Stories by Babajide Komolafe
Reflecting the surfiet of funds in the money market courtesy of AMCON bonds, government securties recorded 242 per cent over- subscription last week.
Meanwhile, interbank interest rate rose an average of 9.41 per cent from 8.41 per cent last week following withdrawal of N82 billion by Nigeria National Petroleum Corporation (NNPC) on Friday.
Results of trading in government securities also known as treasury bills (TBs) last week showed that the Central Bank of Nigeria (CBN) offered N134 billion worth of securities while investors’ demand, as reflected by total public subscription stood at N458.78 billion.
The CBN offered N39.08 billion worth of 91 days TBs, N45 billion worth of 182 billion TBs and N50 billion worth of 364 days of TBs while public subscription stood at N92.89 billion, N162.05 billion and N197.84 billion respectively.
The over-subscription prompted a decline in returns on government securities, as reflected by the stop rates which declined to 8.44 per cent for 91 days TBs, 9.15 per cent for 182 days TBs and 9.45 per cent for 364 days TBs from 9.4 per cent, 10.3997 per cent and 10.9922 per cent respectively at their previous auctions.
On the other hand, the CBN repaid maturing TBs worth N114.276 billion comprising N39.276 billion 91 days TBs, N45 billion 182 days TBs and N30 billion 364 days TBs. This resulted to net investment of N19.804 billion.
This implies that investors simply reinvested most of the funds received through the matured bills. This, according to money market sources is because there is liquidity in the market courtesy of AMCON bonds, which the banks are using to raise cheap funds from the CBN on repurchase basis.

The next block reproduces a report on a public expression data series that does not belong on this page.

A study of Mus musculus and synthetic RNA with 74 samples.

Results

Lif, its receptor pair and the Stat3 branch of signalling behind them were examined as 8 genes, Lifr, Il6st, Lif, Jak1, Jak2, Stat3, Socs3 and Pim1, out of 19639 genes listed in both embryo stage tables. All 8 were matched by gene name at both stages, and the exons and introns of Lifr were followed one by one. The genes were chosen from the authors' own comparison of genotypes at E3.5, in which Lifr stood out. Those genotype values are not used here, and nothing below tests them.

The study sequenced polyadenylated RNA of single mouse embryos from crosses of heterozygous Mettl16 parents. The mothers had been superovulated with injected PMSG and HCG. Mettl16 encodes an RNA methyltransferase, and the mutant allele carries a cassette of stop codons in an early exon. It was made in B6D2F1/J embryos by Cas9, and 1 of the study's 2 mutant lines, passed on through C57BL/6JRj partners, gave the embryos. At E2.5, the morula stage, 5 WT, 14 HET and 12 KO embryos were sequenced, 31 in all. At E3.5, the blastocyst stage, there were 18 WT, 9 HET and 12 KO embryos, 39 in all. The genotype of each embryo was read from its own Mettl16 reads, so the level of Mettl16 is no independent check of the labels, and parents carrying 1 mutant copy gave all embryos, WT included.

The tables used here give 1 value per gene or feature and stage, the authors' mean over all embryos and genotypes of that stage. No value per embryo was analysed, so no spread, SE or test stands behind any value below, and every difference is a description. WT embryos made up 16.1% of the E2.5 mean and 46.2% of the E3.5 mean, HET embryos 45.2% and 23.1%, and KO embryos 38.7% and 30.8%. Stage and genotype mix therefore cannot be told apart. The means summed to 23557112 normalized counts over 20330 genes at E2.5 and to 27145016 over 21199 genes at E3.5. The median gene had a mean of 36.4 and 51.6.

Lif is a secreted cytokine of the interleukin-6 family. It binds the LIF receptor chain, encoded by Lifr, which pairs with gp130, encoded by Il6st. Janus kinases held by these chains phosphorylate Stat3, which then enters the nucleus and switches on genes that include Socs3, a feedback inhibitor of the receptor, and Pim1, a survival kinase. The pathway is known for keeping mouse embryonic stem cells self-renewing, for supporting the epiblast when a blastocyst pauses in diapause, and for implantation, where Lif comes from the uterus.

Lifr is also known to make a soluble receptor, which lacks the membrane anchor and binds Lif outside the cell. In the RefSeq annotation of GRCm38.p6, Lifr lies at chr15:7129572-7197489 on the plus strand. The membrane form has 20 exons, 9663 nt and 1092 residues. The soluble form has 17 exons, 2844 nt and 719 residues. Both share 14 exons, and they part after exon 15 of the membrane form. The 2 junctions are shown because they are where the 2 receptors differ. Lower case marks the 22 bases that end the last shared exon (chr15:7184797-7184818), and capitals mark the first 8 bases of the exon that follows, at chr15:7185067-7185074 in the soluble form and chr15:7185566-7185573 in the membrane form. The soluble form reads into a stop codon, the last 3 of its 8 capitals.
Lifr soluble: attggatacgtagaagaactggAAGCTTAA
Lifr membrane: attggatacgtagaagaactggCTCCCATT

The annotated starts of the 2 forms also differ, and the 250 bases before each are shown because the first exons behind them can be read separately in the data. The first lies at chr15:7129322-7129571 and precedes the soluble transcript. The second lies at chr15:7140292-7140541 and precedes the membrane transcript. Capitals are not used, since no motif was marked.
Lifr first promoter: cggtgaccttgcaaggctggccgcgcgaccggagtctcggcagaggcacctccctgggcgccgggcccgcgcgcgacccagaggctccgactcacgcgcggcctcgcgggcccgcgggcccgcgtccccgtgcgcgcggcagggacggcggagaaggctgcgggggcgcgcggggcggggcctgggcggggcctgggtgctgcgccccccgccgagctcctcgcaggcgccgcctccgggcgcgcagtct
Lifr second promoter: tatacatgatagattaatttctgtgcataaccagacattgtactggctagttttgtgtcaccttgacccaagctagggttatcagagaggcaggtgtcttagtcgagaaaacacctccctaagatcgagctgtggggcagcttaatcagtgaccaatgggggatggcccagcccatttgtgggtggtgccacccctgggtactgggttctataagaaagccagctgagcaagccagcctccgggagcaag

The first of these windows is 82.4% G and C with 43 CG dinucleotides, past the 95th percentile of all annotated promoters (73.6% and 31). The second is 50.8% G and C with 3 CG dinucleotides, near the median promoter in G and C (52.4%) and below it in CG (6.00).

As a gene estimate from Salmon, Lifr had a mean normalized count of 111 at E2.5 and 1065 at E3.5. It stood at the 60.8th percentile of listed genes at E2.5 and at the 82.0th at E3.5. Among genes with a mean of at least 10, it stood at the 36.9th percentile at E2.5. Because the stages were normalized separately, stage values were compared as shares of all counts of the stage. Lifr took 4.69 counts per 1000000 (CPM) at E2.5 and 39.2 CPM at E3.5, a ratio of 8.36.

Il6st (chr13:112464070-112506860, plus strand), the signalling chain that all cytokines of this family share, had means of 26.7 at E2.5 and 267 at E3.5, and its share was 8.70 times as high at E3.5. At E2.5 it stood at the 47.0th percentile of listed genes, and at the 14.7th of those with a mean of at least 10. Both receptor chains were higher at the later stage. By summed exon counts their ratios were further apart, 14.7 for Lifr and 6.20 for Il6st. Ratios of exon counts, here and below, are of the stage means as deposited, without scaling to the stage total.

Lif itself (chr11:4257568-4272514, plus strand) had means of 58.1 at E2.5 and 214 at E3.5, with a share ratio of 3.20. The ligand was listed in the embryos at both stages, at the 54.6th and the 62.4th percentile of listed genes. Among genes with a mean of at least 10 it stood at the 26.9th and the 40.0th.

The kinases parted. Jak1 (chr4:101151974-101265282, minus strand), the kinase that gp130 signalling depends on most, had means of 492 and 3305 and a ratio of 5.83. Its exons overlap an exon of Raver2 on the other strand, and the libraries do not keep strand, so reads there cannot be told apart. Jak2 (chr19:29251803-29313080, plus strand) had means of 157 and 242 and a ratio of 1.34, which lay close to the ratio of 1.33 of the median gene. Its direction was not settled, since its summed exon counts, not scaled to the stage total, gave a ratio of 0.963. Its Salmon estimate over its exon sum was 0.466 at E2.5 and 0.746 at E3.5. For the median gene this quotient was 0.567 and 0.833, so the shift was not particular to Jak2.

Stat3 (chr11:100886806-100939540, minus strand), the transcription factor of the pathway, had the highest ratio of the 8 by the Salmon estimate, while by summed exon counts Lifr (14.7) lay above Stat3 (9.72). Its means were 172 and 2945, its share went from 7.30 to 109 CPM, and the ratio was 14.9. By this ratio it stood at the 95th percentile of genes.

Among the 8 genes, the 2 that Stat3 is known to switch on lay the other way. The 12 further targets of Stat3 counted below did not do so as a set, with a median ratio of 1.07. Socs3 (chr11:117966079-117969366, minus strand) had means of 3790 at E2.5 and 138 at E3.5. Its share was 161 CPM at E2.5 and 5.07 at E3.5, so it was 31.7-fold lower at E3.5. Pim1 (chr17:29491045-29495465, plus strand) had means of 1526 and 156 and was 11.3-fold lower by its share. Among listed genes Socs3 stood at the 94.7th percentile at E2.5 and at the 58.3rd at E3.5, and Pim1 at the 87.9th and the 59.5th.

Interbank ineterest rates rose to an average of 9.41 per cent from 8.41 per cent last week following withdrawal of N82 billion by the Nigeria National Petroleum Corporation (NNPC) on Friday.
The withdrawal caused market liquidity to fall from surplus of N71.7 billion to deficit of N19.4 billion, prompting interest rate to rise.
The secured Open Buy Back (OBB) climbed to 9.0 per cent from 8.0 per cent, 150 basis points above the central bank’s 7.50 per cent benchmark rate and 3.5 percentage points higher than the Standing Deposit Facility (SDF) rate. Overnight placement rose to 9.50 per cent from 8.50 per cent, while call money climbed to 9.75 per cent from 8.75 per cent.
The indicative rates for the Nigeria Interbank Offered Rate (NIBOR) rose in tandem with the short-term market, with 7-day funds climbing to 9.83 per cent from 9.20 per cent last week.
The 30-day fund jumped to 11.29 percent from 10.50 percent, the 60-day closed at 11.70 percent from 11.16 percent, while the 90-day closed at 12.33 percent compared to 11.83 percent last week.
This trend however is expected to change this week when N455.6 billion statutory allocation funds hits the market.